The wicket keeper is one of the more interesting positions in the Australian lineup now, with several quality options, both young and old, putting their hand up for national selection.

While Peter Nevill seems to have his gloves pretty firmly on the test keeper role, is he really the best in the country? Is he even the best in his state? What’s more valuable from a wicket keeper - their keeping or their batting?

Below are Australia’s top five keepers as of this week.


Starting off with what may be a surprise inclusion on this list, Peter Handscomb has so far forged out a solid start to the season with Victoria in the short and long form of the game.

Whilst he only managed a top score of 67 in the One-Day Cup, he came out of the blocks firing in the Sheffield Shield, managing 137 against Queensland in Victoria’ first match.

What hurts his ranking on this list is that he does not keep regularly for any side he plays for, and the man he is stuck behind – Matt Wade – is just about as good as they come in the country.


Before this season, Ryan Carters was knocking on the door for international selection, whether as a specialist batsman or a wicket keeper, but after last week’s efforts against New Zealand, he has now firmly kicked the door down.

Carters won NSW’s Sheffield Shield player of the year in 2013-14. He also scored four first-class centuries, before he put on 209 against New Zealand batting for the Cricket Australia XI.

The 25 year-old averages almost 40 in first-class cricket and 35 in list A, and has been solid in Twenty-20 as well. Surely this will be the year he gets his chance.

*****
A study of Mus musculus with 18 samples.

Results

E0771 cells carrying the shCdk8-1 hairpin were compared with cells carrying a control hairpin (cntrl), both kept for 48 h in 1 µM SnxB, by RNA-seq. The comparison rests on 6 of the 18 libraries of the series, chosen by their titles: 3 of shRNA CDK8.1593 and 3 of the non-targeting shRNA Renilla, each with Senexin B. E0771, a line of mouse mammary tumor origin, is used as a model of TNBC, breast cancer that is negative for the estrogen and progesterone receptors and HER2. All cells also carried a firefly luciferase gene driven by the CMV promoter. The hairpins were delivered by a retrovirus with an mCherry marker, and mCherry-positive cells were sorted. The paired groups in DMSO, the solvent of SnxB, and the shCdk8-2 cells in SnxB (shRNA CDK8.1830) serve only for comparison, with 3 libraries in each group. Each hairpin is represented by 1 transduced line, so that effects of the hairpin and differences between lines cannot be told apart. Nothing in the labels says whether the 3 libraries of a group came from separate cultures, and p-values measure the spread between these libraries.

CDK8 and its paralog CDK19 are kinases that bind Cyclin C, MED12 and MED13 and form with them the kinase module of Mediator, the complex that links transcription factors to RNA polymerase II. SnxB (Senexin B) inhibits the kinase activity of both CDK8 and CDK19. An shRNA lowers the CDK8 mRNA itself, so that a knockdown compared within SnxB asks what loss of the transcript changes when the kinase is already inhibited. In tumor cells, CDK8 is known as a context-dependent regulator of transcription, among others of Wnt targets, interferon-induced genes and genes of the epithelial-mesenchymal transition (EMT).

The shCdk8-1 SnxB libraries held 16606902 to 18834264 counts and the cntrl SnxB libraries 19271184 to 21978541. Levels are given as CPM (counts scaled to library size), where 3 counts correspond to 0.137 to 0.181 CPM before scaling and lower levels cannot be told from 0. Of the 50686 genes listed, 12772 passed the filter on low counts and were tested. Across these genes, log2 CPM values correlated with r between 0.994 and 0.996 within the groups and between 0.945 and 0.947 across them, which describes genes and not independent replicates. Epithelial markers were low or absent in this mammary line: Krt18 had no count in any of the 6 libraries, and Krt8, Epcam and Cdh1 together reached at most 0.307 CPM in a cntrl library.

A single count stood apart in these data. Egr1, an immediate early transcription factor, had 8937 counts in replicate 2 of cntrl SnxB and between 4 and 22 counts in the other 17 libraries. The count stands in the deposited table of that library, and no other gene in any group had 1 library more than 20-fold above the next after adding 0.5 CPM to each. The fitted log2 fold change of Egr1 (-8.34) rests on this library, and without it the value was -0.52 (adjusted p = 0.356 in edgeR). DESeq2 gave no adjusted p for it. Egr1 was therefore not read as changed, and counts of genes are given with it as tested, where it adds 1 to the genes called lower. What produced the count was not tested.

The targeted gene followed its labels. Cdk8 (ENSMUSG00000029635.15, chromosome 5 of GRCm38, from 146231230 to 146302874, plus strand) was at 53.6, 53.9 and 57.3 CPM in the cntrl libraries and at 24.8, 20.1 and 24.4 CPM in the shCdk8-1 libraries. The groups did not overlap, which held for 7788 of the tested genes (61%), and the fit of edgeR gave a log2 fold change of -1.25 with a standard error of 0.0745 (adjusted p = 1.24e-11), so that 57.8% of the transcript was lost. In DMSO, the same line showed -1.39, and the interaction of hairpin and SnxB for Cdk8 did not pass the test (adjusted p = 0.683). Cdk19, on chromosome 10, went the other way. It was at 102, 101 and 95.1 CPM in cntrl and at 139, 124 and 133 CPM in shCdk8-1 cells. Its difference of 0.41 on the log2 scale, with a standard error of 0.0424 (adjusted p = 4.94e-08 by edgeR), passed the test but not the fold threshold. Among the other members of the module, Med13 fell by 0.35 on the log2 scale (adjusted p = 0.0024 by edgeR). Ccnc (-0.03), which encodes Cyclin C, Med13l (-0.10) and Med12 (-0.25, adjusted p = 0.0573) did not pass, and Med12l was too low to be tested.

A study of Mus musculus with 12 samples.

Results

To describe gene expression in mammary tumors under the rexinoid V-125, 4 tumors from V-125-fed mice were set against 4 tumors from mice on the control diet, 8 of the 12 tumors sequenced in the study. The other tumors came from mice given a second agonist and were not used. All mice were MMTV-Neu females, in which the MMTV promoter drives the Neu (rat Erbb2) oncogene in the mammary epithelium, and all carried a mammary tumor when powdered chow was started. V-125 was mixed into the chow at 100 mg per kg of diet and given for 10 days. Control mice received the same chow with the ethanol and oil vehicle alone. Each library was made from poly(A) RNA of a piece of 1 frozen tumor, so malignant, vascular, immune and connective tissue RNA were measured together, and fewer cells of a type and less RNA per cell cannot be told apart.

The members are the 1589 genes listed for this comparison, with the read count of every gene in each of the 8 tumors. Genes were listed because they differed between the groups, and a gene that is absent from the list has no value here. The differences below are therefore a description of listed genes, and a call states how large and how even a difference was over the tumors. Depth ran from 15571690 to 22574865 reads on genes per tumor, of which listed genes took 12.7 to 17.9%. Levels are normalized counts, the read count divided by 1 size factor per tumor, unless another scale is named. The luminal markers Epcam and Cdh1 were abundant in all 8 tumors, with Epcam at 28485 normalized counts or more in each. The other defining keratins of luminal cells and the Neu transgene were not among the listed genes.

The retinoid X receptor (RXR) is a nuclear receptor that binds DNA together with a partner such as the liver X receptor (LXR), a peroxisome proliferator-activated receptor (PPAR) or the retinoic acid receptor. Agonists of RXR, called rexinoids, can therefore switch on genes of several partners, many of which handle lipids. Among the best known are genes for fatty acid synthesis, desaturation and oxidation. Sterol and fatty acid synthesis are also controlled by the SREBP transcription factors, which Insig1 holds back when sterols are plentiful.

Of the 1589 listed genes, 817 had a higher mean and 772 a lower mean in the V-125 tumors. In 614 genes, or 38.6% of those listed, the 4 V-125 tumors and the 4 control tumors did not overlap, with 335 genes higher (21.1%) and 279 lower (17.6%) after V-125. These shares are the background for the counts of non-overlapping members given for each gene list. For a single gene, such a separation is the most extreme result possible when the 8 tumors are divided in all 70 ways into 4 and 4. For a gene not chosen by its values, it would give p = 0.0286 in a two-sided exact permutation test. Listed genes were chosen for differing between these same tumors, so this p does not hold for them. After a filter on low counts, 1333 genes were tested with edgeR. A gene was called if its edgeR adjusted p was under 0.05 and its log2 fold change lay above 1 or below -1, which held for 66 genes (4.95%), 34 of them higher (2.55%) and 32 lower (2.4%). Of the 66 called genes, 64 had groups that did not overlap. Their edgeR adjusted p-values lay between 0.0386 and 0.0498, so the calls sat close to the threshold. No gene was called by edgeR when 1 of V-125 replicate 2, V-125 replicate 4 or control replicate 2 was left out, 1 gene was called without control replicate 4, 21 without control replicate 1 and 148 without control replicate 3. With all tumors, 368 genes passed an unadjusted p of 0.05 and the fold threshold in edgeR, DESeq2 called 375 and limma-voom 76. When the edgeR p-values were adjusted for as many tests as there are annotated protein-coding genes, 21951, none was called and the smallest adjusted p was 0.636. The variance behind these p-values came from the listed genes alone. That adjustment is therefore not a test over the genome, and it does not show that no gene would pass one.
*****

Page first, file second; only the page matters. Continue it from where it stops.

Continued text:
Despite his recent retirement from all but Big Bash League cricket, Brad Haddin still comes in as the third-best wicket keeper in the country.

Over his career, Haddin batted at an average of 33 in Test cricket, and has four international man of the match awards to his name, coming in 2007, 08, 09 and 10, which speaks of his longevity at the top level.

Thanks for your magnificent service to Australia, Hads.


 Peter Nevill has shown promise as Australia’s long-term keeping option, despite already being 30.

He debuted well in the latest Ashes series against England, doing well enough with both the gloves and the bat to warrant his selection again in the upcoming series against New Zealand.

Despite being the incumbent test keeper, it may surprise most to see Nevill come in at only second on this list. But there is a perfectly good reason why. 


Many were surprised when Peter Nevill was chosen over Matthew Wade to man the stumps for the test team – myself included.

Wade has a superior Test and list A average to Nevill with both bat and gloves, has more first class experience, and is younger than him by three years. He also had a far superior One-Day season and has one Test hundred to his name.

This of course begs the question, why has Nevill been chosen over Wade for test duties? Batting? No. Wicket keeping? Probably not. Age? Definitely not. Experience? Nope. Some NSW conspiracy? Maybe.

One thing however is clear as day to me – both Peter Nevill and Matt Wade are great wicket keepers. But Wadey is definitely the best in the country.